What to do with unused meds

There is more and more talk in state legislatures of finding new ways to dispose of unused medications at healthcare facilities. This is an idea whose time has come.

The amount of drug waste that nursing homes and hospitals generate is unsettling. If a nursing home resident has a bad reaction to a drug, dies, or gets discharged, typically a whole 30-day supply bubble card is thrown away. That's a lot of pills. The Associated Press estimated in a 2009 investigation that at least 250 million pounds of pharmaceuticals and contaminated packaging are generated in medical facilities each year.

The poor, unsuspecting victim of our unused medications is our water supply. Flushing drugs down the toilet contaminates our water, and, by extension, us. And throwing them in the trash isn't necessarily the answer as drugs in landfills still may leech into the groundwater.

Several states have proposed legislation to find new, more environmentally friendly ways to reuse or store the drugs. Some of the ideas have multiple benefits. State Sen. Lois Tochtrop (D) in Colorado recently proposed that nursing homes save drugs to be shipped to Haiti. What could be a better use of unused medication than that?

Another bill in Minnesota would prevent all healthcare facilities from flushing down pharmaceuticals. It and other states also are proposing that pharmaceutical companies pick up the expense for picking up drug waste from people's homes (not nursing homes).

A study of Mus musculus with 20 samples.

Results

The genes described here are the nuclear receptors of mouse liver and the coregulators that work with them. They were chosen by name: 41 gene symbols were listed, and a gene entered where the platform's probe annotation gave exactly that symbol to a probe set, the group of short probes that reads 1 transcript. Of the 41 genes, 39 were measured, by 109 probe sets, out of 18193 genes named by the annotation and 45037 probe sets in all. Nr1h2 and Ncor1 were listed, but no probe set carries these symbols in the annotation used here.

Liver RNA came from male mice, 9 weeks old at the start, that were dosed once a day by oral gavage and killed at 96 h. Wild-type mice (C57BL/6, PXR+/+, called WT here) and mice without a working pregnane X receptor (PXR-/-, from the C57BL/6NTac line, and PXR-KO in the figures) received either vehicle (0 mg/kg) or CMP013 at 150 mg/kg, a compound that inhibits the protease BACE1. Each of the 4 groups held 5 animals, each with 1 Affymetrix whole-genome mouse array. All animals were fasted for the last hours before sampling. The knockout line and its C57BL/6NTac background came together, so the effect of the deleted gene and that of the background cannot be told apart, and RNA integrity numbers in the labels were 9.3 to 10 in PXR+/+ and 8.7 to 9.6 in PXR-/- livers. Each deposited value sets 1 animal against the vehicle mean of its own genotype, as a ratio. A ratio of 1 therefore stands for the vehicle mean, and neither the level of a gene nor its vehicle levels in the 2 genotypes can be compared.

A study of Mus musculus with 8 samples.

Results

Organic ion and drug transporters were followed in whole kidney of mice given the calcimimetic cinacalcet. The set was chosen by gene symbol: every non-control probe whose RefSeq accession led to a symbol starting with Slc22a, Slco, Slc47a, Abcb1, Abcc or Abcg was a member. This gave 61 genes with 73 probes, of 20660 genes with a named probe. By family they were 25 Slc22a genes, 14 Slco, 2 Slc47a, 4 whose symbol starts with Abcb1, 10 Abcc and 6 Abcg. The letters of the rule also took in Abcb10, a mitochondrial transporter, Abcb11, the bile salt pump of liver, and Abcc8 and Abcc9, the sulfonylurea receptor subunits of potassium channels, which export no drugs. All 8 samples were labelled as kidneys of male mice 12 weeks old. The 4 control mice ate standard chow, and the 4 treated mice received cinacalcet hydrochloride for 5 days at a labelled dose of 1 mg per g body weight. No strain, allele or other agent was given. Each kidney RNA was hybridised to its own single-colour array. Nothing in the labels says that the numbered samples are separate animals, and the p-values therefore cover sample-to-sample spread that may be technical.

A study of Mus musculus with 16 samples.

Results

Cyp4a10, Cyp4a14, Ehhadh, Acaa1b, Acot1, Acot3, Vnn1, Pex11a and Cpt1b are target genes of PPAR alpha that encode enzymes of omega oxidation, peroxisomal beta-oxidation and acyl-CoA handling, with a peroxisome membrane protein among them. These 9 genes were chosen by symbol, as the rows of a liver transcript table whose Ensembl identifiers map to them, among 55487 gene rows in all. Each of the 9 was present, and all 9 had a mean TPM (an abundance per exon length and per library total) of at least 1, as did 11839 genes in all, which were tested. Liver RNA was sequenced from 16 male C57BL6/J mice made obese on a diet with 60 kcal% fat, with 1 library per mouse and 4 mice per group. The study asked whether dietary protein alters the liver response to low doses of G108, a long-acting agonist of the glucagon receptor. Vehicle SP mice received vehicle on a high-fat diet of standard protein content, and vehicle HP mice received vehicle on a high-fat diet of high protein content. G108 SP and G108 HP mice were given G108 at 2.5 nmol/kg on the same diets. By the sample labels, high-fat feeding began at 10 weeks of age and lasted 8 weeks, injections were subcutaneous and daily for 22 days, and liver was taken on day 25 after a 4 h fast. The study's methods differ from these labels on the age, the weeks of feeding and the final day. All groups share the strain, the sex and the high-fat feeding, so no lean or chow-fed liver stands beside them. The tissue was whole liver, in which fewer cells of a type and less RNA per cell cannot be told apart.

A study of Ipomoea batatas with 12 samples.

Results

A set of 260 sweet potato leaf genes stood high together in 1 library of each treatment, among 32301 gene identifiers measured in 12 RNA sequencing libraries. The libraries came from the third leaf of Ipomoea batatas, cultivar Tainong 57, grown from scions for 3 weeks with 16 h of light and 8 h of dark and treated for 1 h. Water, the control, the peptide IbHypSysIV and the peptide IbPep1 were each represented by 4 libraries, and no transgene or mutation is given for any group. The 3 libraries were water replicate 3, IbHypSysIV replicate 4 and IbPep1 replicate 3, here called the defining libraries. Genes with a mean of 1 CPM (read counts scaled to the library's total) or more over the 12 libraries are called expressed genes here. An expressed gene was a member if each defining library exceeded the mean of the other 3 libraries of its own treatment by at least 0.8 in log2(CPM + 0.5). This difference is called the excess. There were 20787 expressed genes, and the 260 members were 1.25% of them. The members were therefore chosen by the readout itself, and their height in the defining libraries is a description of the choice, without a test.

There is some pushback from the pharmaceutical industry. Lobbyists argue that concentrations of pharmaceuticals found in water are extremely low, and are not known to harm humans. Most of what ends up in the water is medicine that people take and excrete, they said, not unwanted meds that are flushed away.

That could be true, but why take the risk? And here's a better reason to find new ways to dispose of unused drugs: If they could benefit people here and around the world, why let them go down the drain?


McKnight's Daily Editors' Notes features commentary on the latest in long-term care news and issues. Entries are written by Editorial Director John O'Connor, Editor James M. Berklan, Senior Editor Elizabeth Newman and Staff Writer Emily Mongan.